Critics say the state of Utah has not done all it should to properly manage a scarce water supply. Certainly, a debate over pricing structures, tax subsidies to water districts, the construction of reservoirs and protections for the Great Salt Lake are appropriate and belong in the arena of public discourse.
But underlying all of the problems the state faces now as it enters a summer experts say could be one of record-breaking drought is one factor no law or public policy can reach — the amount of water falling from the sky.
For that, Utahns must turn to a higher power.
We applaud Gov. Spencer Cox for recognizing this and issuing a call for a “weekend of prayer” for rain. We appreciate the ecumenical tone to his plea, as well as his frank and sincere recognition of mankind’s reliance on a higher power. All people in the state, regardless of their faith tradition or beliefs, should join in this collaborative effort to call upon a force more powerful than their own.
A sincere, statewide offering of prayer would do more than just confront the current drought. The very act of saying a prayer has the effect of humbling an individual. Collaborative prayer adds a feeling of unity to that humility — a unity that transcends the petty differences that tend to dominate modern political discourse.
These traits are desperately needed in a United States that today seems unable to rise above its divisions. It’s difficult to hate someone who has joined you in praying for a common purpose.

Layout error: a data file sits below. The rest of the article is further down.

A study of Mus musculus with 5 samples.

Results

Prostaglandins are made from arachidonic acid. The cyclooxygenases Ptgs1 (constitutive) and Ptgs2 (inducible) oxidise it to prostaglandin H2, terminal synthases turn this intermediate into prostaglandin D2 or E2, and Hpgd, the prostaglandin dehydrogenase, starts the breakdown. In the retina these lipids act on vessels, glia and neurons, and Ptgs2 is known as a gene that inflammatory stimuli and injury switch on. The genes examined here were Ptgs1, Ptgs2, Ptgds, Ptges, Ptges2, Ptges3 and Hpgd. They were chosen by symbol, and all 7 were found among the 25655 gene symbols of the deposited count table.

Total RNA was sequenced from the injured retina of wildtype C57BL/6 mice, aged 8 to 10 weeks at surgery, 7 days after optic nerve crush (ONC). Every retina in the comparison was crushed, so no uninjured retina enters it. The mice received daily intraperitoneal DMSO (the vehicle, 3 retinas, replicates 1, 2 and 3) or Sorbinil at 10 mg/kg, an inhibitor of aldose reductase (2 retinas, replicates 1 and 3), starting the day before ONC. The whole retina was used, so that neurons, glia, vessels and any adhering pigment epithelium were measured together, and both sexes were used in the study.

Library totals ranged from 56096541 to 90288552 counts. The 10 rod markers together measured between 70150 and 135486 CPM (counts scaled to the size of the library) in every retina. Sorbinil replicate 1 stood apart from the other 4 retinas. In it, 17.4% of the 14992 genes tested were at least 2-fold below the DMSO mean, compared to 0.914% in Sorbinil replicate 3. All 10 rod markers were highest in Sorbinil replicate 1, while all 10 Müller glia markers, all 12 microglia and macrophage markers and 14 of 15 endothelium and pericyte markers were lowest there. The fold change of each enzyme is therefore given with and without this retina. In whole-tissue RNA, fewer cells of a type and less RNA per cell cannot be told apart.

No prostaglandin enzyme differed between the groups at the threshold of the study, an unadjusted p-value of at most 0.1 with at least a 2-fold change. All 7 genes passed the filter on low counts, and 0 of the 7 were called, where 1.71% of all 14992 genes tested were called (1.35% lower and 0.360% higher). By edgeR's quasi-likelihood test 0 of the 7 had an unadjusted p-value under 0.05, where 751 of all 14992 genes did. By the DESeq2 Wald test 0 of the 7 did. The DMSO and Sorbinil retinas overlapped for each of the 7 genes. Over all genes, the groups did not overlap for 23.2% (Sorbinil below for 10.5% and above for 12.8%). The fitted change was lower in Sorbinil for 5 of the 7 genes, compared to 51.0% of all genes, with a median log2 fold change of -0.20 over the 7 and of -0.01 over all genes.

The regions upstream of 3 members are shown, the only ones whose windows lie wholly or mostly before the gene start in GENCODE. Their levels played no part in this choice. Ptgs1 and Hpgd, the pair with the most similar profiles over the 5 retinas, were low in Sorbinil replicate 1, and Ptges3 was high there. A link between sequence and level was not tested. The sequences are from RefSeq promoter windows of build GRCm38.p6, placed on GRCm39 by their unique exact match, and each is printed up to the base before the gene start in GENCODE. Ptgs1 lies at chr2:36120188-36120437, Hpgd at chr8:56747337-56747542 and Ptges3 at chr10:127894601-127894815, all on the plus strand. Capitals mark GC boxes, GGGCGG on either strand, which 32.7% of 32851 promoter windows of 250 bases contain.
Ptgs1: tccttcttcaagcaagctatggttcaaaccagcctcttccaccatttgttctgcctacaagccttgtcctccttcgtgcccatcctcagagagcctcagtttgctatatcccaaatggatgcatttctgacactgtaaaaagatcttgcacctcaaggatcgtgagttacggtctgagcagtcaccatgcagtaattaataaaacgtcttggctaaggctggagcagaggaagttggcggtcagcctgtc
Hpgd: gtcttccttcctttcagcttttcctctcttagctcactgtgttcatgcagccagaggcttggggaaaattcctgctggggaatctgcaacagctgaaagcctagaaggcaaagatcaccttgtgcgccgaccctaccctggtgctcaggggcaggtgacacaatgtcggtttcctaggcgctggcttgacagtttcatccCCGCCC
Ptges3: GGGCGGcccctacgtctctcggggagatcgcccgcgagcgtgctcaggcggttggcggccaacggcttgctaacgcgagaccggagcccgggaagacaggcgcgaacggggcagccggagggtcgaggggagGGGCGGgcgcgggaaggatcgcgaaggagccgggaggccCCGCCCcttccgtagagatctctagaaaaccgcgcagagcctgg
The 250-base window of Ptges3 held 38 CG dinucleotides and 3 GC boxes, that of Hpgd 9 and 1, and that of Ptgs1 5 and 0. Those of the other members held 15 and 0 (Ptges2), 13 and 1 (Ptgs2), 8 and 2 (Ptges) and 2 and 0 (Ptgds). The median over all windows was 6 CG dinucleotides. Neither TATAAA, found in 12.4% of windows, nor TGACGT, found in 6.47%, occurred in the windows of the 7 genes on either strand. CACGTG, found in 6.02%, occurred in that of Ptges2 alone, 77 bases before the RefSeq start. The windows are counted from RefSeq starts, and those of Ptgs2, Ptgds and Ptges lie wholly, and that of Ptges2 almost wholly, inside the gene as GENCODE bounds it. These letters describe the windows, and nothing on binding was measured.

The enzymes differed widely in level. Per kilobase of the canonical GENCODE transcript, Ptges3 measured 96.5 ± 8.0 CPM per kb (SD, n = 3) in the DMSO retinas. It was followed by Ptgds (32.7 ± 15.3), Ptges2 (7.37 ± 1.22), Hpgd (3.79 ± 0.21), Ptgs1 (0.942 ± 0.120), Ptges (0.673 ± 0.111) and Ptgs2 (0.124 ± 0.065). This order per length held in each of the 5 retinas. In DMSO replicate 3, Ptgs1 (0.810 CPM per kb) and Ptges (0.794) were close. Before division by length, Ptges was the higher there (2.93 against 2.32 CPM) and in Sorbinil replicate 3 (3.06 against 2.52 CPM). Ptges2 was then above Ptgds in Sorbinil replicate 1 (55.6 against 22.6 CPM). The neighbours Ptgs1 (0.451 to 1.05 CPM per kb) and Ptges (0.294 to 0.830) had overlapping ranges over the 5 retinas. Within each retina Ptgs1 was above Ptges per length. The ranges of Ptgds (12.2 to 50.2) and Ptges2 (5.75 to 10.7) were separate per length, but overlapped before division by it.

As the University of Connecticut’s Intellectual Humility in Public Discourse project has stated, humility in public matters involves, “the owning of one’s cognitive limitations, a healthy recognition of one’s intellectual debts to others, and low concern for intellectual domination and certain kinds of social status.”
This kind of humility fosters an open mind and a sense of one’s own fallibility and weaknesses.
“Philosophers from Locke to Rawls have seen these traits as being crucial to the kind of meaningful public deliberation that we associate with democracy,” the project’s website said.
Through the ages, religious leaders have seen a higher, and perhaps counterintuitive, purpose to humility. “A man’s pride shall bring him low,” King Solomon is recorded saying in the Bible’s book of Proverbs, “but honor shall uphold the humble in spirit.”
When a person is humble, he or she naturally turns from personal cares and looks outward, toward concerns about the welfare of others. It then becomes easier to turn off sprinklers, avoid washing the car and focus on more charitable considerations. A green lawn is not the most important part of suburban life.
The severity of the drought is beyond question. State figures show 97.9% of Utah is in at least a severe drought category, with 62.2% in an exceptional drought. Much of the spring’s meager runoff was absorbed by thirsty soils before reaching reservoirs. Many cities are facing dire conditions. Officials with northern Utah’s Pineview Reservoir told the Standard-Examiner it will run out of water by the third week of August if consumption is not curtailed.
The governor’s call for united prayer continues a long American tradition. Abraham Lincoln made a similar plea during the worst days of the Civil War, asking Americans to “humble ourselves before the offended Power, to confess our national sins, and to pray for clemency and forgiveness.”
Franklin Roosevelt wrote a prayer that he read to the nation on D-Day. In modern times, other governors, including Rick Perry of Texas and Sonny Perdue of Georgia have urged prayer in the face of drought.
The time will come again to debate policy actions surrounding water in Utah. For now, however, the situation is so dire that only a higher power can help. We urge all Utahns to follow the governor’s plea and join in unifying, humbling prayer for rain this weekend, confident that blessings will flow in myriad ways.